Note to recruiters

Note to recruiters: We are quite aware that recruiters, interviewers, VCs and other professionals generally perform a Google Search before they interview someone, take a pitch from someone, et cetera. Please keep in mind that not everything put on the Internet must align directly to one's future career and/or one's future product portfolio. Sometimes, people do put things on the Internet just because. Just because. It may be out of their personal interests, which may have nothing to do with their professional interests. Or it may be for some other reason. Recruiters seem to have this wrong-headed notion that if somebody is not signalling their interests in a certain area online, then that means that they are not interested in that area at all. It is worth pointing out that economics pretty much underlies the areas of marketing, strategy, operations and finance. And this blog is about economics. With metta, let us. by all means, be reflective about this whole business of business. Also, see our post on "The Multi-faceted Identity Problem".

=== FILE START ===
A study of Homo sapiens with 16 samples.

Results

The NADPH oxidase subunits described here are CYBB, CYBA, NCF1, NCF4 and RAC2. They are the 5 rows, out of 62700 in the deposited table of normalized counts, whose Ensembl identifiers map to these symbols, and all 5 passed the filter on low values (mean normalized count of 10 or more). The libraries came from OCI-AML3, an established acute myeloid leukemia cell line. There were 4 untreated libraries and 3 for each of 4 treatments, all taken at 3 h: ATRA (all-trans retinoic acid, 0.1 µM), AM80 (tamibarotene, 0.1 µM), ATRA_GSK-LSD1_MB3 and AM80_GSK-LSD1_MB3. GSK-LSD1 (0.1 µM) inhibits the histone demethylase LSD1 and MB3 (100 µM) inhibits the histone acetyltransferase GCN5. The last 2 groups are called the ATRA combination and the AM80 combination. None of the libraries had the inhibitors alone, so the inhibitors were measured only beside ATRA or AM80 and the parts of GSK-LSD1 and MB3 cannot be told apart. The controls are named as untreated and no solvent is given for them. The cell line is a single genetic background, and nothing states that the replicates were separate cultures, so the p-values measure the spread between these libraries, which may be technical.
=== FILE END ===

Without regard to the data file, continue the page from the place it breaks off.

Monday, July 29, 2013

Hindu Studies Post 8 - Angels, demons and the Jughead analogy

My organizational perspective on Hindu Studies have been fully fleshed out in a paper I wrote for OB 280 under Prof. Siino at Stanford. I believe that the basic problem is one of incentives. Professors in certain fields such as Hindu Studies have no incentive not to publish controversial but biased studies. It helps them get recognition and later tenure.

It may be easiest to illustrate this using the Jughead cartoon below. The good guys (the angels) in Hindu Studies have an ongoing battle with the bad guys (the devils). The bad guys publish controversial but biased studies. The good guys react. The bad guys continue to pile more bad studies on top of the bad ones that already exist. It is then up to the good guys to both point out the errors in the analysis and then publish their own correct analysis. This takes time.

Given this problem of incentives, it should not be difficult to see why the good guys end up, in a metaphorical sense, mowing the lawn.

Update: fixed typos. Removed the first paragraph. I am going to choose to not reveal the hypotheses used in this study in order to prevent people from gaming the system.